RBI raises key interest rates by 25 bps
Updated: Tue, Jan 25 2011. 05 41 PM IST
Mumbai: The Reserve Bank of India (RBI) on Tuesday raised its key policy rates by 0.25% each to fight spiraling inflation.
Following the rate hike, the repo and reverse repo of the central bank, or the rate at which it injects or withdraws liquidity from the markets, stands at 6.5% and 5.5%, respectively.
The hike was in line with what economists were expecting even as RBI’s macroeconomic policy review on Monday indicated that the central bank would go for a rate hike.
Nine out of the ten analysts and bankers Mint talked to ahead of Tuesday’s policy announcement expected a 25 basis points hike in RBI’s key rates while one said it could be in the range of 25-50 basis points. One basis point is one hundredth of a percentage point.
RBI expects the rate hike to contain the spillover from rise in food and fuel prices to generalised inflation and rein in rising inflationary expectations among investors. The rate hike will “be moderate enough not to disrupt growth,” the policy statement said.
It also raised its inflation projection to 7% from 5.5% “considering the increase that has already occurred and the emerging domestic and external scenario.”
“Today’s move clearly shows that RBI has re-launched its attack on inflation given its persistence,” said Rupa Rege Nitsure, chief economist of Bank of Baroda. She expects another 0.25% hike in policy rates in February, “as next year there will be limited room because of the expected large sized government borrowing programme.”
While retaining its growth forecast intact at 8.5% for fiscal 2011, RBI warned that the “current growth and inflation trends warrant persistence with the anti-inflationary monetary stance.”
The yield on the most-traded 11-year paper was at 8.2431% before the policy announcement, it remained almost flat at 8.2513% after the announcement, as the market had factored in a 25 basis point hike already.
Sensex, the Bombay Stock Exchange’s bellwether equity index, gained 0.39% to 19225.81 points and Banking index, Bankex fell 0.65% to 12,563.83 points at the time of filing this report.
RBI also extended the additional liquidity support for banks to till 8 April. Banks can borrow an additional 1% of their deposit base, or about Rs 50,000 crore, from the central bank. The facility was to end on 28 January.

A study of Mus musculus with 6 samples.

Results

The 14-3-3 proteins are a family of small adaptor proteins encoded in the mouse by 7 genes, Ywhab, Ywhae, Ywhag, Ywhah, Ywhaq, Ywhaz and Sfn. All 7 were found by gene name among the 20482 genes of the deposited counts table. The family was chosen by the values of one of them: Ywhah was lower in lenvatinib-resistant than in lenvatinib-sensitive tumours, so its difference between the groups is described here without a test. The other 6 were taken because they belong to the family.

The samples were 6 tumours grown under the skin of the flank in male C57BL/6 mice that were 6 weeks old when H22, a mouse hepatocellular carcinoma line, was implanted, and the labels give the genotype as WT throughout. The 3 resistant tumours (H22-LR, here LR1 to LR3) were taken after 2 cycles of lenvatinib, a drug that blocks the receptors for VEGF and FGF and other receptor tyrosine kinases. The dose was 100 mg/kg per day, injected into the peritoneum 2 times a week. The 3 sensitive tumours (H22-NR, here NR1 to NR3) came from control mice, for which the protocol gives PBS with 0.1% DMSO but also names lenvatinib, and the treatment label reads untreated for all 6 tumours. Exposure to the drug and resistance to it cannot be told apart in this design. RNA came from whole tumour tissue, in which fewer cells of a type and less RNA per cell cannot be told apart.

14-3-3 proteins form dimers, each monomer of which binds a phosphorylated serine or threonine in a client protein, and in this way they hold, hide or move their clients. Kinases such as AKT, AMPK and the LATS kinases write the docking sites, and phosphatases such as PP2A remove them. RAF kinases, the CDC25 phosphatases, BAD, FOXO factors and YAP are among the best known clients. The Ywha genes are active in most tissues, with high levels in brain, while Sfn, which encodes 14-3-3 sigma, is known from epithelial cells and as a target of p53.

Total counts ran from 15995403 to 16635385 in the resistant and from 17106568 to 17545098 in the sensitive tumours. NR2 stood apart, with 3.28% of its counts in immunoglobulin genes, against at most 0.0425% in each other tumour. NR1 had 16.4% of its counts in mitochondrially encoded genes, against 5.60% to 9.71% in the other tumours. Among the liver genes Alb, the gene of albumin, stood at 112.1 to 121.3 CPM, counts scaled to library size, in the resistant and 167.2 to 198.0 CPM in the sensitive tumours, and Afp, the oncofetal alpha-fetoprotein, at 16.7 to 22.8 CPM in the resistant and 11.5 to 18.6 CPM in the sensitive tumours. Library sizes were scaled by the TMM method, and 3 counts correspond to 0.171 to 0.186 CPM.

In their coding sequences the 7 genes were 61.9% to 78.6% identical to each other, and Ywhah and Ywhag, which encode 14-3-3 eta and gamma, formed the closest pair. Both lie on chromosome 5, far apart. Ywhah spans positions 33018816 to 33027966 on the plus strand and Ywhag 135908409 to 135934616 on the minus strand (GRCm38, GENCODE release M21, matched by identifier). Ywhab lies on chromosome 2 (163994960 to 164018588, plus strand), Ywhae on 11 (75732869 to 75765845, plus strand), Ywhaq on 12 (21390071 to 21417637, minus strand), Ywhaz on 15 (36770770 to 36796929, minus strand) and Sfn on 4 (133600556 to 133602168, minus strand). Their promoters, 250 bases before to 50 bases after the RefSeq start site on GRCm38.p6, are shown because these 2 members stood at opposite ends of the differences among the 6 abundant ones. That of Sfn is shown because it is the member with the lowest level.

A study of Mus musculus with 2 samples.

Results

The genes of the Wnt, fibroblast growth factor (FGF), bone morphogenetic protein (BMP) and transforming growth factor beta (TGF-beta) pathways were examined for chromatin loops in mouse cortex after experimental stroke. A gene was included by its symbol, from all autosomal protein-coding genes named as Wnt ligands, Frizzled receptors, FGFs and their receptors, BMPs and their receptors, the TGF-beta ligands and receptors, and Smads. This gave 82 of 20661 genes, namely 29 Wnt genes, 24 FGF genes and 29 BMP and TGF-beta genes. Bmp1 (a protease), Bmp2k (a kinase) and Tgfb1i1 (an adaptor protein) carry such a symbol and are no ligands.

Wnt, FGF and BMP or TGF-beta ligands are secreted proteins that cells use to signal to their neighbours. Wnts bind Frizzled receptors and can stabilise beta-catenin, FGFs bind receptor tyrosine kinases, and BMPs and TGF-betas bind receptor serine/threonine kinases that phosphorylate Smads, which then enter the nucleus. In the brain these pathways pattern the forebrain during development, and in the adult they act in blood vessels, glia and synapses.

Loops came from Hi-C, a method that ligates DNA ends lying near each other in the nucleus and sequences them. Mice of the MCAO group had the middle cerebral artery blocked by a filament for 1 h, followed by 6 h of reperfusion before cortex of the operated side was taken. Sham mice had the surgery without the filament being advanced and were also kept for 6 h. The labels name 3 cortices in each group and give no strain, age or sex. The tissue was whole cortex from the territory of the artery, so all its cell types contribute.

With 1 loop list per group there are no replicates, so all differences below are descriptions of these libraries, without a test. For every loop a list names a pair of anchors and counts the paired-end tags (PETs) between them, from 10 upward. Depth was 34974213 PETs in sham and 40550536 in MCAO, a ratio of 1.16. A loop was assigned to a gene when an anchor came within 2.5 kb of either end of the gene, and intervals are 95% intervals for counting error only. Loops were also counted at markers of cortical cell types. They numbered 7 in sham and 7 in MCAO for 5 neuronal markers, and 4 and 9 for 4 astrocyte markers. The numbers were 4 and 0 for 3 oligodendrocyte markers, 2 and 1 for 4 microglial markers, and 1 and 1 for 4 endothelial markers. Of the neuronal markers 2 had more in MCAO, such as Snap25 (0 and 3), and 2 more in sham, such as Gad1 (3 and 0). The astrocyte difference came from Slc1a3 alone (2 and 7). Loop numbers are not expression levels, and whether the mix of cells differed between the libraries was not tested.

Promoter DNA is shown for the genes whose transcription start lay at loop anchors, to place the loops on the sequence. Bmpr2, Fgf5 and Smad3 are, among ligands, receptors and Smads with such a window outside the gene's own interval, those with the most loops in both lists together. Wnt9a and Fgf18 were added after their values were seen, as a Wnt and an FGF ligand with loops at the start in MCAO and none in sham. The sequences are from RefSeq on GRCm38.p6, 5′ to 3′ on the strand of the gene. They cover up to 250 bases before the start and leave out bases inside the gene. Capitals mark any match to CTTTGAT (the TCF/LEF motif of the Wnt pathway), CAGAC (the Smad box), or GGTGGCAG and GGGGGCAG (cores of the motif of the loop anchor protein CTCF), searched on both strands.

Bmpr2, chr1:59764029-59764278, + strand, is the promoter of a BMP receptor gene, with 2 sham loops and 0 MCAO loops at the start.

The average daily net injection of liquidity through the liquidity adjustment facility increased from around Rs 62,000 crore in October to around Rs 99,000 crore in November and further to around Rs1,20,000 crore in December, with the peak injection of around Rs1,71,000 crore on 22 December 2010, RBI noted.
Going forward, RBI expects the frictional liquidity shortage to ease as government balances adjust to the expenditure schedule. “However, banks need to focus on the underlying structural cause of liquidity tightness arising out of the gap between the credit and deposit growth rates,” the statement said.
RBI said for the fiscal consolidation process to be credible and effective, it is important that the composition and quality of expenditure improves.
“Any slippage in the fiscal consolidation process at this stage may render the process of inflation management even harder,” the statement added.
Inflation zoomed to 8.43% in December, up from 7.48% in November on account of higher food and fuel prices, especially that of vegetables and other essential commodities. The October inflation was further revised upwards to 9.12% from 8.6%, making the average inflation for the year at 9.4%, much above the Reserve bank’s projection. Adding to the woes, fuel inflation rose 11.2% in December, pushing wholesale price inflation higher.
Overall, the RBI has upped its key short-term rates six times in 2010 to hold off the skyrocketing prices and as part of its “normalization process”. But the monetary actions are yet to show results to bring down the spiraling food prices.
The central bank had gone for a series of rate cuts since late 2008, to support a sagging economic growth, when the global financial crisis broke out following the collapse of Lehman Brothers Holdings Inc. However, with the recovery returning to global markets, the central bank started reverting to its normal policy rates starting in October, 2009.